Click on screenshot to zoom
Danger level 6
Type: Trojans
Common infection symptoms:
  • Slow Computer
  • System crashes
  • Can't be uninstalled via Control Panel

CC1H Ransomware

CC1H Ransomware is one of those infections that rely on poor protection and vulnerabilities to invade Windows operating system systems. Its creator can use other threats and exploit kits to drop and execute the infection without any involvement from victims. It also can trick them into executing the infection unknowingly. When that happens, the attackers usually use clever spam email messages and attractive downloaders to fool people, and, unfortunately, these tricks work very well. In fact, most ransomware threats are spread via spam email, and that means that victims mostly execute this kind of malware themselves. In this report, we are talking about CC1H, which is a new variant of the Globe Imposter Ransomware. Other variants of this infamous threat include TorS@Tuta.Io Ransomware, C4H Ransomware, and Taargo Ransomware. So, how do you protect your system against these threats? How do you delete them once they are inside? Continue reading to learn how to remove CC1H Ransomware.

Have you identified CC1H Ransomware as the attacker of your personal files? If you can see the “.CC1H” extension attached to the names of your documents, photos, and similar personal files, we are sure that this is the malware that you have faced. The threat also uses a file named “Decryption INFO.html” to introduce itself, and copies of this file should be dropped everywhere. Is it dangerous to open this file? Not at all, but you have to be cautious about the message inside. Also, do not forget to delete all its copies once you get to the removal part. The message inside the .html file informs that files were encrypted, and you might not know what that means. Encryption is normally used to protect files, so that only the owner of these files could access them. Cybercriminals use encryption to lock files so that only they could access them. Of course, the attackers do not care about the contents of these files. What they care about is your desire to get the files back under your control. This is the only reason why CC1H Ransomware was created.

The message within the .html file dropped by CC1H Ransomware informs that you can obtain a “decryptor” to have all files restored, and to get this decryptor, you are instructed to send one test file to the attackers at or Once the attackers receive your message, they should respond back with the decrypted file – which is meant to prove that decryption is possible – and also the price of a decryption tool. This is why this malware is classified as ransomware. We are sure that most victims of CC1H Ransomware know that they cannot trust cybercriminals, but their files might be too important for them. Also, the ransom note warns against the removal of the threat or the use of third-party decryptors. We are sure that some victims of this malware will have backup copies of the corrupted files, and if you are one of these victims, you can delete the infection and then replace the corrupted files with their copies. There is also an option of using the GlobeImposter Decryptor, which is free because it was created by researchers. Unfortunately, we cannot guarantee that it will decrypt everything.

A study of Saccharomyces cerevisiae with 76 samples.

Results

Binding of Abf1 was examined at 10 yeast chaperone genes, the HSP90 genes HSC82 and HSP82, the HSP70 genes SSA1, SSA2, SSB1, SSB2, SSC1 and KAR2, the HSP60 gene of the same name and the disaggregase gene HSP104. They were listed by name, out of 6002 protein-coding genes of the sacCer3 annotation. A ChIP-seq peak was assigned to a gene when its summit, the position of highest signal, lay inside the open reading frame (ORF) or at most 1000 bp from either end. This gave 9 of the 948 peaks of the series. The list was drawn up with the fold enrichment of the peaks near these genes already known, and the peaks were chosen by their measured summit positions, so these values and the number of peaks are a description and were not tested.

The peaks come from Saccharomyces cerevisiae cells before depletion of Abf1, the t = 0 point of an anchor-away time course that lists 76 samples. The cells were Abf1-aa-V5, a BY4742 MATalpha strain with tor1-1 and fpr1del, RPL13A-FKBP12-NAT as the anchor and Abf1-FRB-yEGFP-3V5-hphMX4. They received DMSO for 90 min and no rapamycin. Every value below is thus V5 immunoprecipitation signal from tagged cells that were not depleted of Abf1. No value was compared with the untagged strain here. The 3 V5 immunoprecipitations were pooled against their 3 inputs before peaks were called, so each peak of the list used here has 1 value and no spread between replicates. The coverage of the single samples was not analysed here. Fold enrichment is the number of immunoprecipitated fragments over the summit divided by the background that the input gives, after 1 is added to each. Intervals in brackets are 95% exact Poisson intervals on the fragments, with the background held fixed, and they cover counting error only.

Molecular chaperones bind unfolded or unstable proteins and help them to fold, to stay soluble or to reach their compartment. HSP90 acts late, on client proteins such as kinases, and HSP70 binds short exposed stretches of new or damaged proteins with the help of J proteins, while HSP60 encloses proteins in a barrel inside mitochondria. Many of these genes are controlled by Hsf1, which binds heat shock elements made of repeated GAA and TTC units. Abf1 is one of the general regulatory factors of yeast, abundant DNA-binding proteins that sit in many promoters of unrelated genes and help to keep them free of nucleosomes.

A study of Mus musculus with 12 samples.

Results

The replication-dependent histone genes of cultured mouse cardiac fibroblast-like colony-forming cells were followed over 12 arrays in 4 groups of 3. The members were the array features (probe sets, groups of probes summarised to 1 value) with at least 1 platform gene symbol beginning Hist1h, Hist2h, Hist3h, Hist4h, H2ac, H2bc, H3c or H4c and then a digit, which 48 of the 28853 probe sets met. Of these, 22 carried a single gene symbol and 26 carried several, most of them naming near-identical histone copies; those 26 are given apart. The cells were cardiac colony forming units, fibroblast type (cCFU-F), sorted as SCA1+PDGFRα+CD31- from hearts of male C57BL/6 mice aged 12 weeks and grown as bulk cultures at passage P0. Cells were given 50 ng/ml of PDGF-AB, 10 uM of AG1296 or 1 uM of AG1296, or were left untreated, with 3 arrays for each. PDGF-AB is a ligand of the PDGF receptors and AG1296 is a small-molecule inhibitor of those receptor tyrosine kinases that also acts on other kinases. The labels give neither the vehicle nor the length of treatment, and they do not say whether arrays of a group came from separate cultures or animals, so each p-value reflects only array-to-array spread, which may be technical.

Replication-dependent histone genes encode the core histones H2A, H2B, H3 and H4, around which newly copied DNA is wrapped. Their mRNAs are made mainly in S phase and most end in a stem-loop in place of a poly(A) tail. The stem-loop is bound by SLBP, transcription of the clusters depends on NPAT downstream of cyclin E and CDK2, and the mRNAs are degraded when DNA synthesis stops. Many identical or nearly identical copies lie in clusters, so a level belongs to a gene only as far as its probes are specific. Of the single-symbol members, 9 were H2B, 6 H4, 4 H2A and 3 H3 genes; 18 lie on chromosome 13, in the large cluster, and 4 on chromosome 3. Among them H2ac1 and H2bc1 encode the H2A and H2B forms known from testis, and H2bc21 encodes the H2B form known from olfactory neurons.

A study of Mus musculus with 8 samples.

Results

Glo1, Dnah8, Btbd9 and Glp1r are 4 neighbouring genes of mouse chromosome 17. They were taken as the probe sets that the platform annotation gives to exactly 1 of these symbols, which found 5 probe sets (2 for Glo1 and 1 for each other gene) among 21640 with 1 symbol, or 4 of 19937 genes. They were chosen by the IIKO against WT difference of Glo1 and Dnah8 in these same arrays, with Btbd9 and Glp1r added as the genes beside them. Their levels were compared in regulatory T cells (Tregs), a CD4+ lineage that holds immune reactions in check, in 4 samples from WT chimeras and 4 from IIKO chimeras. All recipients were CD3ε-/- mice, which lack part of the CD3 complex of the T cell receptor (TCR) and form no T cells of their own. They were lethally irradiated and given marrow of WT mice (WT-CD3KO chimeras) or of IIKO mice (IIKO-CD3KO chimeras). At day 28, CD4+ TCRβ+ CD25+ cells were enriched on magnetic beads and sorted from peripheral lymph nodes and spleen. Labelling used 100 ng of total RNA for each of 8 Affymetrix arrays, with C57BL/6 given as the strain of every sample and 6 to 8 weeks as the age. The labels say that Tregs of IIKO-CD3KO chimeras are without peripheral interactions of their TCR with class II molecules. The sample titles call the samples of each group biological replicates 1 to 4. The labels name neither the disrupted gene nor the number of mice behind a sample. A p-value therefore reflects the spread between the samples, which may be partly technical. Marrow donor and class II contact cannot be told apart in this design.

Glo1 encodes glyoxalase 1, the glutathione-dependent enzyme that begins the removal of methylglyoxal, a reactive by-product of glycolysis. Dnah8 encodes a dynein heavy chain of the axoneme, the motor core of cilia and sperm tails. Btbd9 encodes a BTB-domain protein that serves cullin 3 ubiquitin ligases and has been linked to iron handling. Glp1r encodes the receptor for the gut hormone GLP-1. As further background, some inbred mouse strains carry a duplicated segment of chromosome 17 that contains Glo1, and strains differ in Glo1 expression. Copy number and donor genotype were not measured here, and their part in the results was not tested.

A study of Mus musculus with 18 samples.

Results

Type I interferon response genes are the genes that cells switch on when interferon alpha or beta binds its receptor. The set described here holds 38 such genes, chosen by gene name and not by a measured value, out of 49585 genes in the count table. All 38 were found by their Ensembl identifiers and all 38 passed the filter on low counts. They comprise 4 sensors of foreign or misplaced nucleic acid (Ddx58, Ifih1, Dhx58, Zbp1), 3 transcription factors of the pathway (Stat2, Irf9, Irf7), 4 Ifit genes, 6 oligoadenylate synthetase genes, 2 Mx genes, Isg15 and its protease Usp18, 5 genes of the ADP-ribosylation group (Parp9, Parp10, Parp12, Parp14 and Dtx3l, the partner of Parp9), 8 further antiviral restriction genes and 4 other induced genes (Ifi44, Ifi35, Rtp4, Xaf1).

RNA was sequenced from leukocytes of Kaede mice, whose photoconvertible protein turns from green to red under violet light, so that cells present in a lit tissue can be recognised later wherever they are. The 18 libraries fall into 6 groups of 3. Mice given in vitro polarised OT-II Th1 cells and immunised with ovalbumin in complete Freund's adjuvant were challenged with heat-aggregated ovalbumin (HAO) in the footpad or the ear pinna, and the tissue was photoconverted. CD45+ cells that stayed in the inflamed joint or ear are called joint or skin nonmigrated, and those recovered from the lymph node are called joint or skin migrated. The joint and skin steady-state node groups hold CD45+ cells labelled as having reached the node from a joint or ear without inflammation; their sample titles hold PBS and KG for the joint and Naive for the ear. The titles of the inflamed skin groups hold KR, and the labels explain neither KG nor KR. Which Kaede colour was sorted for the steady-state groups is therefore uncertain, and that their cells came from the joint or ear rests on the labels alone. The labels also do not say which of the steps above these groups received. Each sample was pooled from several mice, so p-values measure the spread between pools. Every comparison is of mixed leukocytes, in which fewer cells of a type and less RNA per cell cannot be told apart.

Now that you have all important information, and you know your options for recovering or replacing files, what are you going to do? If you do not have backup copies, and the free decryptor does not work for you, you might choose to follow the attackers’ demands. This is the worst decision because you will not get a decryptor in return. Instead, your inbox will be flooded with intimidating and misleading messages, and your money will be lost. Remember that it is not beneficial for cybercriminals to share decryptors. Hopefully, you do not need to put yourself and your money at risk. In any case, you must delete CC1H Ransomware. Note that this malware auto-stars with Windows, and that means that new files can be encrypted after a restart. Therefore, if you are going to be replacing files with backups, you need you remove CC1H Ransomware first. One option is to follow the instructions below, but because your system requires full protection, we advise installing anti-malware software right away. It will simultaneously secure and clean the system.

CC1H Ransomware Removal

  1. Delete all copies of the ransom note file named Decryption INFO.html.
  2. Launch File Explorer by tapping Windows+E keys and enter %APPDATA% into the quick access field.
  3. Delete the {random name}.exe file if you can identify it as a malicious file.
  4. Launch Run by tapping Windows+R keys and enter regedit into the dialog box.
  5. In Registry Editor, go to HKEY_CURRENT_USER\Software\Microsoft\Windows\CurrentVersion\RunOnce.
  6. Delete the value named CertificatesCheck (value data should point to the .exe file in %APPDATA%).
  7. Exit all utilities and then Empty Recycle Bin.
  8. Install and run a malware scanner you trust to help you check the system for leftovers.